Summer Strength Training and Running

When the warm weather sets in we like to ditch the gym and head outdoors. We can run, bike, swim, hike, rollerblade, and be active outside. I hear quite often that people are running to get their workouts in rather than still working out at the gym. I am a runner myself and definitely enjoy feeling the warm weather and sometimes would rather be outside than inside a gym.

But are we really staying active enough? Are you losing your muscle and strength by doing just cardiovascular aerobic exercises? We tend to get injured when doing the same repetitive motions over and over again. Runners should most certainly strength train throughout the warm weather season, keeping them strong and safe.

Many runners can have the fear that they will be too muscular. Becoming too muscular can have negative consequences due to increased weight gain and mitochondrial dilution. Gaining muscle will be less energy efficient. Mitochondrial dilution is when your mitochondria, the powerhouses of your cell, become diluted; your muscle fibers increase but the stuff inside the cells does not. Thus, it has to try really hard to power the muscle, even though the muscle is much larger than what the cells can power, making muscles easier to fatigue. But it has been proven that a heavy resistance training protocol is beneficial in keeping up speed, efficiency, and tendon strength. Therefore, you should not completely ditch strength training out of your regimen while running in the summer.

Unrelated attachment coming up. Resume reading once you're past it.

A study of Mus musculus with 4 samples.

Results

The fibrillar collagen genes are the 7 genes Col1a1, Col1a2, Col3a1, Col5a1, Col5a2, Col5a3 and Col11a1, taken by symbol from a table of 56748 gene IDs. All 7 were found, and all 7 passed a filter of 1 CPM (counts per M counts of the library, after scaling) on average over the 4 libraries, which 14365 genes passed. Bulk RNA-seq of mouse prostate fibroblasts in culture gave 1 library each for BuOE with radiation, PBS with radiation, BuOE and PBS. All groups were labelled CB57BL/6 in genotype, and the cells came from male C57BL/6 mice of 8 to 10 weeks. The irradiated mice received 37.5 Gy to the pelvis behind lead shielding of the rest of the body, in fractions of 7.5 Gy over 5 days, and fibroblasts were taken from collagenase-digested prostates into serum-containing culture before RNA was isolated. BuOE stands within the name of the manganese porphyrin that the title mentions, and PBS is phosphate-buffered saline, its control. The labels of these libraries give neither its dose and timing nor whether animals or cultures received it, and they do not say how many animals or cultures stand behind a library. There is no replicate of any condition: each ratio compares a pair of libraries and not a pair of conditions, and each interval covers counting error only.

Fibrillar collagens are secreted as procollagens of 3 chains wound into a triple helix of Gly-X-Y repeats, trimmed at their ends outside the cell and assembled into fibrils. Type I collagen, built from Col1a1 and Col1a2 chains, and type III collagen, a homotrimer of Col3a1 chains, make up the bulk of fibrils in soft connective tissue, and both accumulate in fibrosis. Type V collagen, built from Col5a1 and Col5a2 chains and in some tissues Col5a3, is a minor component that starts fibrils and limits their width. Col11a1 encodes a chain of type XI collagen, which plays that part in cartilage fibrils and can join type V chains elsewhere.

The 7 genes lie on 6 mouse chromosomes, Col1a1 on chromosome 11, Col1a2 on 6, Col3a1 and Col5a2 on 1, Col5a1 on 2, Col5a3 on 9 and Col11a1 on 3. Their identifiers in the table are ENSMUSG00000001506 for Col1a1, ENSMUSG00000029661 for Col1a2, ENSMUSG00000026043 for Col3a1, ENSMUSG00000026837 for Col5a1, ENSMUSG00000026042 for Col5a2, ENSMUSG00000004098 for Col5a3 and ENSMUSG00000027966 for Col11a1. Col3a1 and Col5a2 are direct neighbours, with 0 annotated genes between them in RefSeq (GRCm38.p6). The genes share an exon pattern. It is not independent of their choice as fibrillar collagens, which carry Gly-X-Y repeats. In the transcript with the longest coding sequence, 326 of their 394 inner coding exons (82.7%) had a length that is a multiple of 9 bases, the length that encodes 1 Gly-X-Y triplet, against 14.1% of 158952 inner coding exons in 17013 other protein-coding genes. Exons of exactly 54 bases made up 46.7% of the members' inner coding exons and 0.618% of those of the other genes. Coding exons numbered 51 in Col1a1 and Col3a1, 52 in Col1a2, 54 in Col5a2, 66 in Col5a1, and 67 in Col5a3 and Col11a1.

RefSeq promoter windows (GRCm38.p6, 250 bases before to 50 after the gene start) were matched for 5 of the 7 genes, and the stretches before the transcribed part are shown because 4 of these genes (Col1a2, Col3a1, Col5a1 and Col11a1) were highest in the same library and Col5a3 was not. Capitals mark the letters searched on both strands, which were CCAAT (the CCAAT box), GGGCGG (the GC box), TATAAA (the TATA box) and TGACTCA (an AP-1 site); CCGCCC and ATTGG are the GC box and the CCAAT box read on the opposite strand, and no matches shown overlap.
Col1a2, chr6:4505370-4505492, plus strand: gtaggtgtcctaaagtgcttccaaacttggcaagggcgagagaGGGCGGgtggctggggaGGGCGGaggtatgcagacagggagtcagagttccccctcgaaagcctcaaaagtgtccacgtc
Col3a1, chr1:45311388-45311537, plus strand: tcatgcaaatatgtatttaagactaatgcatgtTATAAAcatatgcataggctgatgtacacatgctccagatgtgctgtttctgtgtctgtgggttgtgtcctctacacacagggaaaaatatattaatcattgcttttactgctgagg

When running is your main form of exercise our body starts to get stronger in some areas and weaker in others. Weakened areas are most commonly the gluteus maximus and tight areas are the hip flexors, tensor fascia lata, and hamstrings. Basically the hamstrings (muscles on the back of your thigh) take over hip extension (when your leg goes backwards) instead of the gluteus maximus. This can put more stress on the lumbar spine, causing your erector spinae (muscles running along your spine) to become very tight and low back pain to occur.

Another tightened area is the iliotibial, IT, band. IT band pain occurs when the gluteus medius, a muscle used for stabilizing during single leg exercise, is weakened due to not being used during running. This weakened muscle allows for the hips to slightly sway back and forth while running. The muscle that covers the sides of your hips is called the tensor fascia lata, which was previously mentioned as usually tight. The iliotibial band connects to the TFL; a tight TFL will make for a tight IT band. IT band pain causes friction, irritation, and inflammation along the side of the knee.

Focusing on helping make your body symmetrical and working properly can ensure that your running stays strong and injury-free. Doing 2-3 strength-training sessions a week can be very beneficial. When you are in the gym strength training, it’d be wise to focus on single-leg work, posterior chain work, explosive exercises, and core exercises. This will strengthen the weakened areas of your body due to long-term running. Foam rolling areas such as your IT band and hamstrings can be very beneficial in relaxing those overused muscles.

Remember to continue strength training in addition to your running throughout the warm weather months to keep your body safe and strong!

What are Strength Exercises for Runners? Check out this link for more info:The Science and the Programming. Kawamoto, Jon-Erik. February 9.